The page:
WASHINGTON — Trea Turner can do, almost literally, anything on a baseball field.
The 23-year-old rookie piles up hits, having collected 87 in his 58 games with the big-league team this year en route to a .349/.369/.558 line.
His hits come in all forms, with nine home runs highlighting a catalog that also features six triples and 13 doubles.
The man known as Trea Burner steals bases at an alarming rate, with 26 swipes on 30 attempts.
He plays all over the place, having played shortstop, second base and center field for the Nationals this year.
As soon as the Nationals need a position player to take the mound late in an extra-inning game, who would honestly be surprised if Turner stepped up and struck out a batter?
Turner added to his legend on Friday night in Atlanta, when he and the Nationals rolled to a 7-2 win against the Braves. He went a cool 4 for 5 with a home run, a double, four runs scored, two RBIs and two stolen bases in the game, but he struck out once and committed an error in the field (just his third all season), so he wasn’t technically perfect.
It’s hard not to be impressed by what the rookie is doing. Here’s Nationals pitcher and Cy Young Max Scherzer on Turner after Friday’s game:
“This guy can absolutely do everything, and with the speed. I’ve never seen anybody have this much speed and this much power from that frame. It’s unbelievable what he does.”
“We were able to put up five runs in the first two innings. Trea’s got his fingers all over it again.”
Scherzer correctly points out one of the most important things Turner has brought to Washington — a valuable leadoff hitter.
Since taking over the everyday leadoff spot, Turner has manufactured runs for the Nationals at an incredible rate, especially in the first inning. He has scored 15 runs in the first frame of games this year, despite a mere 55 plate appearances — a rate of one run on 27.2 percent of plate appearances. Compare that to league leader Jean Segura, who has 32 first-inning runs in 135 plate appearances — one run every 23.7 percent of plate appearances.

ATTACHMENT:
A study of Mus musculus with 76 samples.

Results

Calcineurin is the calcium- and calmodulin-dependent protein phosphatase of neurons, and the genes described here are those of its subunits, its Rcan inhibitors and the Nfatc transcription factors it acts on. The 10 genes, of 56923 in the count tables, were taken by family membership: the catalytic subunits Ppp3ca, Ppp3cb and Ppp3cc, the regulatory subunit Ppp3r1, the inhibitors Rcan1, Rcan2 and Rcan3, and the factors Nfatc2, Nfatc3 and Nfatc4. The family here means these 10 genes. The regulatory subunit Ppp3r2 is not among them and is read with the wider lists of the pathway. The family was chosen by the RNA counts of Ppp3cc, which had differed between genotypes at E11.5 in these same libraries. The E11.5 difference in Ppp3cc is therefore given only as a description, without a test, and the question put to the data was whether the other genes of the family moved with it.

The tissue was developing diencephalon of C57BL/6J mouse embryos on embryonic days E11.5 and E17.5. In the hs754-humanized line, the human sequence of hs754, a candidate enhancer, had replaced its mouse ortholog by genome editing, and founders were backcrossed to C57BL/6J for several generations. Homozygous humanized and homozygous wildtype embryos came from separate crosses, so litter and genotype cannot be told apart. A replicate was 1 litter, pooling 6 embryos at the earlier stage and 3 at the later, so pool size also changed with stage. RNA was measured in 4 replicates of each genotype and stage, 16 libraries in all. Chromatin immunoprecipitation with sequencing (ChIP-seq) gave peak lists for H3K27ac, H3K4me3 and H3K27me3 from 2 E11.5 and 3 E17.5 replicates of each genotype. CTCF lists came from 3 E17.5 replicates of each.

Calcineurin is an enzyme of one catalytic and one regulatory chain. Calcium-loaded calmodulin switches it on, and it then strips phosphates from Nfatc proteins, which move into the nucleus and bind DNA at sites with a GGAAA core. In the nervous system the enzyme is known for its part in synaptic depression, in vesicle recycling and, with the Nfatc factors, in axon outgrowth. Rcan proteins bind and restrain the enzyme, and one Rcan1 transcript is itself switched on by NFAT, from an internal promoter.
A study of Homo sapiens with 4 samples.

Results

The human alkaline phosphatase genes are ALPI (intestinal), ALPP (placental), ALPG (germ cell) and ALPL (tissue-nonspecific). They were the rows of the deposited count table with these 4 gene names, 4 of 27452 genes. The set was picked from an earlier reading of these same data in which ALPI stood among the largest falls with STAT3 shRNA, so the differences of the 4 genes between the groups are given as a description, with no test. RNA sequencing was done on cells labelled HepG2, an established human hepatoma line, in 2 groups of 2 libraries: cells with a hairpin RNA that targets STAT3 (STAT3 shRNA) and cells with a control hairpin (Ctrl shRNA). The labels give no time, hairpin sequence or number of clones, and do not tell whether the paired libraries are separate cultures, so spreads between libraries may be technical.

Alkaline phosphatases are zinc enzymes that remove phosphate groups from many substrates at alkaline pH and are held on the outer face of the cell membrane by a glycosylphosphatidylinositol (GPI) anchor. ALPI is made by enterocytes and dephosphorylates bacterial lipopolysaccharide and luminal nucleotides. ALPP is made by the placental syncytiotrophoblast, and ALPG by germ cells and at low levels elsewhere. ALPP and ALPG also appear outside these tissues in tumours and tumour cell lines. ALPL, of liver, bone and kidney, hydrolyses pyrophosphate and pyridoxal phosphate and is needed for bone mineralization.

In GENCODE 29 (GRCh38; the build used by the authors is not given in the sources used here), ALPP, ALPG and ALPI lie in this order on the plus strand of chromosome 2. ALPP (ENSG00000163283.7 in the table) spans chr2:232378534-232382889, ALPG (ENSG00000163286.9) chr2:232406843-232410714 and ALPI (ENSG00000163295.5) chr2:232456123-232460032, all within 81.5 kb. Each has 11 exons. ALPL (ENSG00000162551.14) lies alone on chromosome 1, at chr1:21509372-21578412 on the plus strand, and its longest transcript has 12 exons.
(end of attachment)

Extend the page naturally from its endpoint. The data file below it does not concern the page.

Sure enough, Turner did his thing in the first inning on Friday. He opened the game with an infield single on the sixth pitch of the at-bat, then he made it to third on a single by Jayson Werth and scored on a single by Anthony Rendon.
Turner’s excellence as a leadoff hitter is a significant part of why the Nationals lead MLB in first-inning runs this year, with 112, and are second behind the Boston Red Sox in first-inning batting average, with .303. He is personally hitting an astounding .453 in the first inning this year, and he’s actually stolen more bases (9) than he has struck out (8).
In the second inning on Friday, Turner took the sixth pitch of the at-bat deep, extending the Nationals’ lead to four with a two-run, 415-foot shot to center field.
He struck out the next time up, but his fourth go-round might have been his most impressive. He singled on the first pitch of the at-bat to lead off the seventh inning, then he stole second. Werth then lined out to right field for the inning’s first out and Daniel Murphy came up to the plate. Four pitches later, Turner stole third base. Two pitches later, Murphy hit a sacrifice fly to left field, scoring Turner. Bryce Harper then grounded out to end the inning.
Let’s recap for a second. The Nationals scored a run in an inning that looked like this: single, line out, fly out, ground out. There were no errors and no fielder’s choices.
There are only a handful of players in the sport that can do something like that, especially after homering earlier in the game. For reference, only nine other players in MLB have at least as many home runs (9) and stolen bases (26) as Turner, and all but two have played in at least twice as many games as Turner has. The other two — Jarrod Dyson (96) and Hernan Perez (109) — have each played considerably more games than the Nationals’ speedster (58).
(In Turner’s next and final time up in the game, he smacked a ground-rule double.)
He hasn’t played enough to qualify, but if he had, he’d be tied with Josh Donaldson for the sixth-best slugging percentage (.558) in baseball. The players ahead of him — David Ortiz, Daniel Murphy, Brian Dozier, Nolan Arenado and Kris Bryant — all have at least 25 home runs, and only one of them (Dozier, with 15) has stolen 10 or more bases.
That’s all to say: There’s nobody like Trea Burner in baseball.